Indiana Town Launches Gay Panic Over Prom
A group of students, parents, and a teacher in Sullivan, Ind., say they want a separate high school prom that would bar gay students from attending.
Members of the group and their supporters met Sunday at the Sullivan First Christian Church to discuss plans of a separate “traditional” prom, Terre Haute TV station WTWO reported.
“If we can get a good prom then we can convince more people to come and follow what they believe,” said Sullivan High School student Kynon Johnson.
“We want to make the public see that we love the homosexuals, but we don’t think it’s right nor should it be accepted,” said Bonnie McCammon, another student.
Among the supporters is Diana Medley, a special education teacher at a nearby school who does not believe anyone is born gay and is defending the plan for an alternate prom.
“I believe that it was life circumstances and they chose to be that way; God created everyone equal,” she said. “Homosexual students come to me with their problems, and I don’t agree with them, but I care about them. It’s the same thing with my special needs kids, I think God puts everyone in our lives for a reason.”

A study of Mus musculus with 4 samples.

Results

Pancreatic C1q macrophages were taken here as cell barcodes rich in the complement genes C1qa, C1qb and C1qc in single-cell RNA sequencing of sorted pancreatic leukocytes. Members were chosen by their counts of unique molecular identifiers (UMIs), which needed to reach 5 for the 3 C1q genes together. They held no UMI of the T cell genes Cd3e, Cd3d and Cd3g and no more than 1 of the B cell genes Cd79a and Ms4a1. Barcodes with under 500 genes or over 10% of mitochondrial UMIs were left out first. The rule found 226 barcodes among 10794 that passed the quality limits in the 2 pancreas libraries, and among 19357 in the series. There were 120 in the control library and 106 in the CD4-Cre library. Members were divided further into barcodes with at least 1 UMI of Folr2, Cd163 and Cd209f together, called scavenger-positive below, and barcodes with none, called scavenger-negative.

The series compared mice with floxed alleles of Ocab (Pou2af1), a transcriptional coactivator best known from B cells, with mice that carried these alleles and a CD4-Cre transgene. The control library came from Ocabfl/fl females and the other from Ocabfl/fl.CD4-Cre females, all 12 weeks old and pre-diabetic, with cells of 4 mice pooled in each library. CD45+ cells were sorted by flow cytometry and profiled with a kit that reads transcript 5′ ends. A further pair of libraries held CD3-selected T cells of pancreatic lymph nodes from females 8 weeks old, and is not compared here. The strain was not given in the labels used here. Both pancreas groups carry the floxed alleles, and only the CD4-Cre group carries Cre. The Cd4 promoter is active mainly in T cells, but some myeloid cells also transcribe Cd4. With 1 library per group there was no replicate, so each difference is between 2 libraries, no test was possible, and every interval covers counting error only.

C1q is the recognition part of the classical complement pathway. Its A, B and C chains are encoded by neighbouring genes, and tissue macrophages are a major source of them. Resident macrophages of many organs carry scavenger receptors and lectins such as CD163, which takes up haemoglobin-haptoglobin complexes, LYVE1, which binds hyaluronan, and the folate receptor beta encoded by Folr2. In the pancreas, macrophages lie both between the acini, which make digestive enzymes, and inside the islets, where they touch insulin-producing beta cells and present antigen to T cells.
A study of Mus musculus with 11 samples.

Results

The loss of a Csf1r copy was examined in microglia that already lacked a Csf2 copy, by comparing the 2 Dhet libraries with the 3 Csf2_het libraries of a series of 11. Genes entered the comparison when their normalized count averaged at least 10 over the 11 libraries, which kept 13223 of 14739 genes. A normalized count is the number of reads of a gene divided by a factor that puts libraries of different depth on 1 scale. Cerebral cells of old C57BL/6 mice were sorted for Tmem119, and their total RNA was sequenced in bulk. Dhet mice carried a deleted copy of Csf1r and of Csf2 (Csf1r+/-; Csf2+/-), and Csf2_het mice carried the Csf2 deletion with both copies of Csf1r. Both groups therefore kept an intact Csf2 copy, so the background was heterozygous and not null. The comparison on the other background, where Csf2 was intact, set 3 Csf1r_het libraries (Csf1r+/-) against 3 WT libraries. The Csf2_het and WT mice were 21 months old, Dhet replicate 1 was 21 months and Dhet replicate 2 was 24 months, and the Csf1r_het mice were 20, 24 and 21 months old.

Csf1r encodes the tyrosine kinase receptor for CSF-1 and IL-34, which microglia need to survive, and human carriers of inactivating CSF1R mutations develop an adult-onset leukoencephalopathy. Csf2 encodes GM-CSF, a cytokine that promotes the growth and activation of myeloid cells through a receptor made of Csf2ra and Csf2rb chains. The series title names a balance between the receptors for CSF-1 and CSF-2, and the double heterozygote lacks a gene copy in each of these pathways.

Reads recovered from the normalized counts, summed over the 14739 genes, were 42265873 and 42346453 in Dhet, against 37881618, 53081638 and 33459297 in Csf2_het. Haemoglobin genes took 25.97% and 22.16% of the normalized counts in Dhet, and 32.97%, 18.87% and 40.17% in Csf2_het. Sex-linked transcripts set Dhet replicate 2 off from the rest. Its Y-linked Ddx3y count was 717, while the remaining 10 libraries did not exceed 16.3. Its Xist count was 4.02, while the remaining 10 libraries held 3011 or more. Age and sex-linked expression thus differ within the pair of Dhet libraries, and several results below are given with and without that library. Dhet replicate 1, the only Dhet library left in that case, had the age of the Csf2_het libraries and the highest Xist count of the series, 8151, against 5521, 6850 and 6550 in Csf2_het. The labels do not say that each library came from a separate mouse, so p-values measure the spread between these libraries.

When asked if she thinks gay people have a purpose in life, Medley said, “No, I honestly don’t. Sorry, but I don’t. I don’t understand it. A gay person isn’t going to come up and make some change unless it’s to realize that it was a choice and they’re choosing God,” Medley told WTWO.
Jim Davis, an adult who attended the meeting, said people should not judge the LGBT students because "Christ didn't. He came here to save the world, not to condemn it."
A Facebook page, Support the Sullivan High School Prom for All Students, created in defense of LGBT students, currently has more than 4,000 likes. The Facebook page in favor of the separate prom was taken down Monday morning.
Gay rights advocate Dan Savage also wrote in his blog about the separate prom development:
“There's no way to stop the haters at Sullivan High School from holding an independent prom for the
special bigoted kids. But here's what we can do: we can make a noise so loud enough that all the queer kids at Sullivan High School hear it. Those kids need to know that there are people — a lot of people — who think this shit is wrong.”